Wednesday, October 1, 2008

There are many ways to observe a holiday

I still have hydrangeas! They beautified the holiday table.

Yesterday, the Jewish New Year, I was reminded that there are many ways of staying connected.

In the previous post, I talked about wanting to go to relatives’, yet, at Day+110, being worried about germs and fatigue.

I decided to stay put. Just because I’m now allowed to go into other peoples’ homes, I still should be cautious. I want to thank everyone who called, e-mailed, posted comments or reminded me in person that I would be OK if I stayed home.

I also decided that I would invite friends over for a little holiday meal Tuesday night. In keeping with my theory that doing something different keeps your mind off your troubles, I planned to make the traditional round challah from scratch. Also on my menu would be Nach Waxman’s beef brisket, from “The New Basics” cookbook by Silver Palate authors Julee Rosso and Sheila Lukins.

When I got the ingredients, I also purchased a honeydew melon and honey cake for a sweet New Year.

Monday after school, I put Katie on the train to New York, where our cousin Serena would meet her and go with her to services the next day. (How did parents do it without cell phones? We talked after she switched trains in New Haven and after Serena met her at Penn Station.)

Then I took a walk and thought about the past and the present. As I said before, I'm not especially religious, though I do like to think I'm spiritual. As I walked around the beautiful lake across the street on the Mount Holyoke campus, I worked on quieting the chatter in my mind, which gave me a greater feeling of connection.

I went home and did the first step in making the brisket, which I would continue cooking on Tuesday. My cousin Betsy’s husband Michael had reminded me via e-mail of a basic reason I shouldn’t go anywhere: “An important concept in Jewish law is to sustain your health and all else gives way to that.” He said they would put me on speaker phone at the holiday dinner I used to attend with my parents.

That night, while the homey smell of cooking brisket filled my kitchen, I “participated” in the holiday dinner being held in Queens. I listened, and talked, via speaker, while they said a few prayers for the holiday and a “misha beirach” prayer for healing in my name and that of another relative who has been ill. Then they passed the phone and I talked to everyone.

Meanwhile Katie and Serena had met Ben and the rest of the New York contingent at a restaurant. (Hmmm, I guess I should say “Manhattan contingent,” but to me Manhattan is New York.) They passed the phone around and I talked to everyone there.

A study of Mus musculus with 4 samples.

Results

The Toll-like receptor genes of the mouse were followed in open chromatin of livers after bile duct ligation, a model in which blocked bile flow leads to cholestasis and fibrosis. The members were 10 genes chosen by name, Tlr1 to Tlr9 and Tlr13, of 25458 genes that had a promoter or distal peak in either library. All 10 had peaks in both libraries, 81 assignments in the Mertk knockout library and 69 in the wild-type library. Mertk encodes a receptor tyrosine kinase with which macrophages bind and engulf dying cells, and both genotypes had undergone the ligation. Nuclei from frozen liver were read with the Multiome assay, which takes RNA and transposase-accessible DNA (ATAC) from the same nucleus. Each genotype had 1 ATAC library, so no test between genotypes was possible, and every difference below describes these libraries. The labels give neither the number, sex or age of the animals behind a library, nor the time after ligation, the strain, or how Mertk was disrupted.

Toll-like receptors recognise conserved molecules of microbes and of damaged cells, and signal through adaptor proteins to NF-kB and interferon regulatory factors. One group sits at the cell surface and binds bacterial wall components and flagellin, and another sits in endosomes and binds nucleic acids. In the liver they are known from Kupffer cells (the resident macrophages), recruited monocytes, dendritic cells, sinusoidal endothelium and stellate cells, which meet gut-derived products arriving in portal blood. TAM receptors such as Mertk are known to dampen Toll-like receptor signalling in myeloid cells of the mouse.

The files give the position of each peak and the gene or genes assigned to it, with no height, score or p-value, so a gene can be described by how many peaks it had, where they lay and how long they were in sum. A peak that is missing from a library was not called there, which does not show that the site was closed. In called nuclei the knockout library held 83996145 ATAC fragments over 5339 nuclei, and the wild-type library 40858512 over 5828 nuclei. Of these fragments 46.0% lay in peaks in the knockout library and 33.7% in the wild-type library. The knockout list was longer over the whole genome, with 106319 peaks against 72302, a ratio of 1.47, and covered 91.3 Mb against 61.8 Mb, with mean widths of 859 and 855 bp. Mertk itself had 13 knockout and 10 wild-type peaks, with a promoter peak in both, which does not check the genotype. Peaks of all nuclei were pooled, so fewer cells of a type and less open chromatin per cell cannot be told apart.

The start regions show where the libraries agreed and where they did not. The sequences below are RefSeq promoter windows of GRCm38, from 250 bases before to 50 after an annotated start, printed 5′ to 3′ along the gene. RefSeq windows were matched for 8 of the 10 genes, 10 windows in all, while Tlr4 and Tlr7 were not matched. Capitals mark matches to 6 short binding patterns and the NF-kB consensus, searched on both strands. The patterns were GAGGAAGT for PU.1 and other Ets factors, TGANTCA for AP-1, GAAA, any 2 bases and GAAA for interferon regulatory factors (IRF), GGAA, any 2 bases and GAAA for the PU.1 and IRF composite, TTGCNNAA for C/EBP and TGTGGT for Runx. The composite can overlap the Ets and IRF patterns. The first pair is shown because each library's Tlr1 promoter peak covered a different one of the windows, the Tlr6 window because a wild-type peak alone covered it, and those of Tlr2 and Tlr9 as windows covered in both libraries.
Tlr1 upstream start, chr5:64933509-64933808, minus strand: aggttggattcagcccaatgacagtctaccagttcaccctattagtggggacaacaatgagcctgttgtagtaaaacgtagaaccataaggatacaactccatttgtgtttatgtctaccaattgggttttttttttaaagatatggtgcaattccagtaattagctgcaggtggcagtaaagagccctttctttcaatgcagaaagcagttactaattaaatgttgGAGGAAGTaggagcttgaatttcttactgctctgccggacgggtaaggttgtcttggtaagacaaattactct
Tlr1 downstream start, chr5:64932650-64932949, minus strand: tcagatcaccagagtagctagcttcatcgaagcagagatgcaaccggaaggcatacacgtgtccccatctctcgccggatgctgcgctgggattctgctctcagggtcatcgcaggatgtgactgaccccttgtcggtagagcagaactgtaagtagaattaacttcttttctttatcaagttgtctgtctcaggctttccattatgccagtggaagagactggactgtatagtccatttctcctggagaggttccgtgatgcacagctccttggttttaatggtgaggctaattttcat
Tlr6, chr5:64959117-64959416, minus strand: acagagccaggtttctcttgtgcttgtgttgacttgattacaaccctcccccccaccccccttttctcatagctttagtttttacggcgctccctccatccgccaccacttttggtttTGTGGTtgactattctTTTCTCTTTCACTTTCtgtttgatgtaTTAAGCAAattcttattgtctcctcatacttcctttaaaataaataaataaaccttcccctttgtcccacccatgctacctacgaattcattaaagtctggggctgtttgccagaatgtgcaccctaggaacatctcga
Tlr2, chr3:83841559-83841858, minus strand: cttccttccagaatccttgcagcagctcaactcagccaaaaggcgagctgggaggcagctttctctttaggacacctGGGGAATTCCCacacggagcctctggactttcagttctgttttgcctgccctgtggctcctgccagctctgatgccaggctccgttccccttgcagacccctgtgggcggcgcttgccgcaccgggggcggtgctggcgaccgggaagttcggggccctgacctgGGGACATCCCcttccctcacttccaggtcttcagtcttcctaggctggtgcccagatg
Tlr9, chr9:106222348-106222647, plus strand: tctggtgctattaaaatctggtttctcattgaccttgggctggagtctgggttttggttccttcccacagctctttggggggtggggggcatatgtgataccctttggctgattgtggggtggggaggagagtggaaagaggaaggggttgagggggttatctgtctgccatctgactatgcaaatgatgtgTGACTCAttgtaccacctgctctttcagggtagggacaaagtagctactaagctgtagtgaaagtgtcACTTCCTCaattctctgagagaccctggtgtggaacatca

Having already made it through Monday without experiencing what my sister calls the “bare light bulb feeling,” I started out Tuesday in a good mood. First, I exercised. (OK, true confession, I played tennis.) Then I sort of lollygagged with the newspaper, until my mother’s voice told me, “If you’re going to have people over, you need to GET GOING.” Right. I made the challah and was quite proud when I braided it and it did indeed look like a challah.

Phone calls came from the 212 area – my parents’ friends wishing me a healthy and happy New Year.

I set the table with care, picking the lingering blue and purple hydrangeas from my garden. I put out my mother’s plates with the pretty flower design. My friends Deb and Mary came, as did Mary’s son, AJ, and her husbnd, Jerry. We lit a candle and said the blessings. As I cut into the challah, I heard my father explaining, as he loved to do, “The challah is round for a year with no sharp edges.”

The dinner conversation was lively and filled with good cheer.

I did not feel alone at all.


PJ said...

Sounds like your new year got off to a great start. I too baked a challah, but served roast chicken instead of my usual brisket. My husband and sons went to services. I retired from synagogue after my youngest's bar mitzvah 3 years ago. What you say about there being many ways to observe is so true.

Susan C said...

Sounds like a lovely celebration, Ronni.

May you have a sweet new year!

Ann said...

Ronni, I'm so glad you had friends over. Maybe you could start a new tradition until you're cleared to return to the comforts of memory? I'm always checking on you.

Anonymous said...

It sounds like YOU put together a very wonderful and memorable celebration for you your friends. Bravo! Not just you but your guests will have special memories of yesterday.

I felt quite hungry after reading what you prepared. Supper for me on 6D last night was: 8 Ritz crackers, 2 Saltine crackers, 1/2 broken chocolate covered pretzel and about 10 pistachio nuts. Yummy!

Ronni, it sounded wonderful !

Anonymous said...

Happy New Year, Ronni. Your celebration sounds like a feast for the soul.


Anonymous said...

Shana Tova!

Good choice to hang low. I am at approximately 275 days since my last chemo and been told to still steer clear of people with bad germs. I did not go through the receiving line at the end of Rosh Hashana services to shake clergy and Board member hands. I did not go around kissing everyone, even on the cheek.

I will try to pick it up next year, because dangit , it is GOING to be a better and healthier new year!

As many people have said to me, I say to you---may the new year be a healthier year than the last!

Anonymous said...

The holidays can definitely be a time of both happiness and sadness.